Coronation Street’s Humanist funeral
The TV funeral of Coronation Street character Hayley Cropper on Friday 31st January may bring back memories for the thousands of Suffolk and N E Essex families who’ve arranged something similar for a loved one. Since 1991, the Suffolk Humanist Ceremonies Team – David Mitchell from Pettaugh, Sue Hewlett from Stutton and Sophie Lovejoy from Brightlingsea – have helped Margaret Nelson from Elmsett, near Hadleigh, to meet increasing demand for funerals free from religion.
Hayley Cropper is played by actor Julie Hesmondhalgh, a distinguished supporter of the British Humanist Association. The Suffolk Humanist Ceremonies team are members of the group, Suffolk Humanists and Secularists, which is affiliated to the BHA.
For thousands of viewers who’ve never been to a humanist funeral, Hayley’s will show them what they might expect. No hymns, prayers or religious readings, but a dignified, personal celebration of a life, where mourners can share memories and their sense of loss.
People often ask us if we knew the person who’s died, because they recognise his or her character and personality in our description, but mostly we didn’t. We aim to find out as much as we can by talking to the people who knew him or her. It’s like a mirror, reflecting back a familiar portrait in words.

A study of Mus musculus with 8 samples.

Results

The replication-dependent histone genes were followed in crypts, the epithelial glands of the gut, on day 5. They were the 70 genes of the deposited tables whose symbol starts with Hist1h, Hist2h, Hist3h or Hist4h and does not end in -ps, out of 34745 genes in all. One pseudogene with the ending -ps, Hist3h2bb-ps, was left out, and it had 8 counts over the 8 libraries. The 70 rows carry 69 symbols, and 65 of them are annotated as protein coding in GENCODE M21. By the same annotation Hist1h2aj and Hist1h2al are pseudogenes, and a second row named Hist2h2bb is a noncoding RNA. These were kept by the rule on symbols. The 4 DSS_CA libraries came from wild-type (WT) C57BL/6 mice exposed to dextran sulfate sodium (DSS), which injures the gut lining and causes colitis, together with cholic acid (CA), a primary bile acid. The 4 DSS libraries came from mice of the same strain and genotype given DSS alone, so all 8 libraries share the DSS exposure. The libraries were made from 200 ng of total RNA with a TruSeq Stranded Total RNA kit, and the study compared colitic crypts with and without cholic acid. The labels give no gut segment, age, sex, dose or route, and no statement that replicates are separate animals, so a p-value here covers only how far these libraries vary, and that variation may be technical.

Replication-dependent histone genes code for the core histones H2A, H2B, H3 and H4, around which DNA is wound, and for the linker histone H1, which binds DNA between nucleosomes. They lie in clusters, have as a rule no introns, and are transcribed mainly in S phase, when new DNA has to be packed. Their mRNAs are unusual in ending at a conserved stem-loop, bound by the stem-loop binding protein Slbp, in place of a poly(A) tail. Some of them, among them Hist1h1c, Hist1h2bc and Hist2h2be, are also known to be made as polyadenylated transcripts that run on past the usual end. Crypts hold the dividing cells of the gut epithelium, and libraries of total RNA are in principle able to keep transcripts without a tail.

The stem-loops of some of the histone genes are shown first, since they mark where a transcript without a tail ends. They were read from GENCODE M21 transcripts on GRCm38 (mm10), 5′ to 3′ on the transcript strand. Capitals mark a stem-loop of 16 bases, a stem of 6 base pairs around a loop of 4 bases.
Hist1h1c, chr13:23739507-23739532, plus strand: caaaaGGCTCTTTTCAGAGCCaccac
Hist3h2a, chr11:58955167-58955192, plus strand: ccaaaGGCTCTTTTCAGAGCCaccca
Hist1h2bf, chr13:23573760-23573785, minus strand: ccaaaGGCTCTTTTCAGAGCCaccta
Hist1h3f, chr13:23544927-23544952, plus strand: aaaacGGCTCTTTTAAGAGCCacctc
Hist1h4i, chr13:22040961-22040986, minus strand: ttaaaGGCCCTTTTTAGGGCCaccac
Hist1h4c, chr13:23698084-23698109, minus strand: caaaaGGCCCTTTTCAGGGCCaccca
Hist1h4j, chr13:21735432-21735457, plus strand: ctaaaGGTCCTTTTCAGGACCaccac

Some relatives or friends contribute their own memories to the ceremony, though we take the precaution of asking them to write it all down in case they’re overcome by emotion on the day.
Families choose music that was special to their loved one, and some even wear clothes that reflect his or her personality. I’ve done a funeral for a keen camper where all his friends wore colourful Hawaiian shirts, and at a funeral for a young Goth, we all wore black and purple, her favourite colours. Every funeral we do is different, because everyone is different.
Some of my friends used to think it was a very odd thing to want to do, but I’ve met some lovely people and heard some fascinating life stories over the years.”